Tolls will stay the same on TransCanada Corp.’s troubled natural gas Mainline linking Alberta to Ontario, Quebec and border crossings into the United States until a prolonged rate case sorts out its future.
Over protests by Canadian and U.S. gas buyers, the National Energy Board (NEB) allowed the pipeline to enter 2012 with its transportation charges fixed at 2011 levels as an “interim” measure. The freeze will remain in effect while a scheduled regulatory marathon reviews a TransCanada proposal for overhauling a business and financial structure that has about doubled Mainline tolls over the past five years.
Preliminary exchanges of documents, questions and requests have been under way since early last fall (see NGI, Dec. 12, 2011). So far, the NEB has scheduled a dozen weeks of public hearings in Calgary, Toronto and Montreal to begin in June and run into September after a summer recess. No target date has been set yet for finishing the case, with the board saying only that additional sessions will be held as required. A resolution of the hotly contested case could take until 2013, say TransCanada’s critics.
The interim decision lets the Mainline firm transportation (FT) rate stay at C$1.89/gigajoule (GJ) (US$1.98/MMBtu) until a decision is made on the proposed restructuring. The FT charge translates into an overall Mainline benchmark Eastern Zone Toll (EZT) of C$2.24/GJ (US$2.35/MMBtu) for deliveries into the big central Canadian markets of the Toronto-Montreal region.
In an additional ruling, the NEB turned down a demand by the Association of Power Producers of Ontario (APPrO) for “further and better reasons” for the rate freeze. A 27% cut in the EZT, back down to its 2010 level of C$1.64/GJ (US$1.72/MMBtu), was sought by the owners of Ontario gas-fired power plants, New York City gas importer Brooklyn Navy Yard Cogeneration Partners and a Canadian counterpart, the York Energy Centre and Goreway Power Station near Toronto.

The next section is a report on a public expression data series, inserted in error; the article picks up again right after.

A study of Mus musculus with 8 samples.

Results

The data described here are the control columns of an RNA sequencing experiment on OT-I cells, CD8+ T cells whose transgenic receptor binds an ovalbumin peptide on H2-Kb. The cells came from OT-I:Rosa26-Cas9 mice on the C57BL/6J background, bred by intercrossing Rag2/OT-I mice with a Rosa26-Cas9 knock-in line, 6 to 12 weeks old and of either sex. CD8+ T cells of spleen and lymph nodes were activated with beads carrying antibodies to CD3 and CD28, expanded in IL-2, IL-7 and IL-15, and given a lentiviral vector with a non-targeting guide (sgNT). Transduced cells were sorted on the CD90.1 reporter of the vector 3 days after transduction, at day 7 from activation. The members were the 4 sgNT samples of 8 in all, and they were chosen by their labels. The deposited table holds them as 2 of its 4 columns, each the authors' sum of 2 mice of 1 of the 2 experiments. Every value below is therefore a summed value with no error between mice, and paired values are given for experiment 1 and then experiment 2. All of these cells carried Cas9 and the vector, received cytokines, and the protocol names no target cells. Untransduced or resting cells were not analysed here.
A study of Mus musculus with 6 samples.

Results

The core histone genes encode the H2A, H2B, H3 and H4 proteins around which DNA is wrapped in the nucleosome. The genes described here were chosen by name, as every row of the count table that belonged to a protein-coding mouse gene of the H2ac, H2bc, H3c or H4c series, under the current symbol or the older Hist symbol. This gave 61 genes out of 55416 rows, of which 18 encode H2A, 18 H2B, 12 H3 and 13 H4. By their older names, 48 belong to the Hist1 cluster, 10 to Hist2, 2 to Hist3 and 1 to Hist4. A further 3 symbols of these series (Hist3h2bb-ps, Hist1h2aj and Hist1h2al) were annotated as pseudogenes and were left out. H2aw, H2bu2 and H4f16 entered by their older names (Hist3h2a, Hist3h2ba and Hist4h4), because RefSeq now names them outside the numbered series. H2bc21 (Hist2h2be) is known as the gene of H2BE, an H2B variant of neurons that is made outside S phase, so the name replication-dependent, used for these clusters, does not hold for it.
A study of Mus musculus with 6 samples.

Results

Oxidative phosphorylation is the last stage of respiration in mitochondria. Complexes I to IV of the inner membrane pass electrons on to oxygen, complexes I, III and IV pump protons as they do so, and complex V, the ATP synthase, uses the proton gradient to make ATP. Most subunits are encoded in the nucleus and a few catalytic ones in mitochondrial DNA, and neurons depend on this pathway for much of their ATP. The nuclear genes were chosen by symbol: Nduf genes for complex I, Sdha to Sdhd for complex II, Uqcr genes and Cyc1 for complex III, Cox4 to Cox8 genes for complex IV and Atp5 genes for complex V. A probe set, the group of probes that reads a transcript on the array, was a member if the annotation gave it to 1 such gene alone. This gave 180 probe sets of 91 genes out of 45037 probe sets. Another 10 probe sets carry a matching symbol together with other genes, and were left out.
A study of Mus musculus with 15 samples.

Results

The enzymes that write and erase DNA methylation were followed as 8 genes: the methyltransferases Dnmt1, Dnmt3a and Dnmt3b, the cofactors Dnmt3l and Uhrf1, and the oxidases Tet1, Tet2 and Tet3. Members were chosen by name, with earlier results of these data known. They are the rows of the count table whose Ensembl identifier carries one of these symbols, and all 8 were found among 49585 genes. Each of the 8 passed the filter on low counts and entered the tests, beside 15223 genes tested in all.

The NEB ruled that the gas users failed to make a compelling case for departing from Canadian regulatory custom of setting interim rates “in a manner that aligns with the most recent decision related to a company’s final tolls.” The rate freeze approval also emphasized that “a decision to approve interim tolls is, in no way, a ruling by the board as to the merits of any case presented by an applicant or by interested parties to set final tolls.”
The protesting gas users have predicted that keeping the Mainline’s tolls at 2011 levels will worsen its plagues of excess capacity and rising tolls, and as a result increase pressure for yet more increases. TransCanada has dismissed all such predictions as “rank speculation unsupported by fact.”
The NEB pointed out, “Interim tolls…are subject to a subsequent determination on final tolls. Any difference between interim and final toll levels is typically recovered or refunded in future periods. Further, it is not unusual for interim tolls to be in place for an extended period of time while final tolls are being determined.”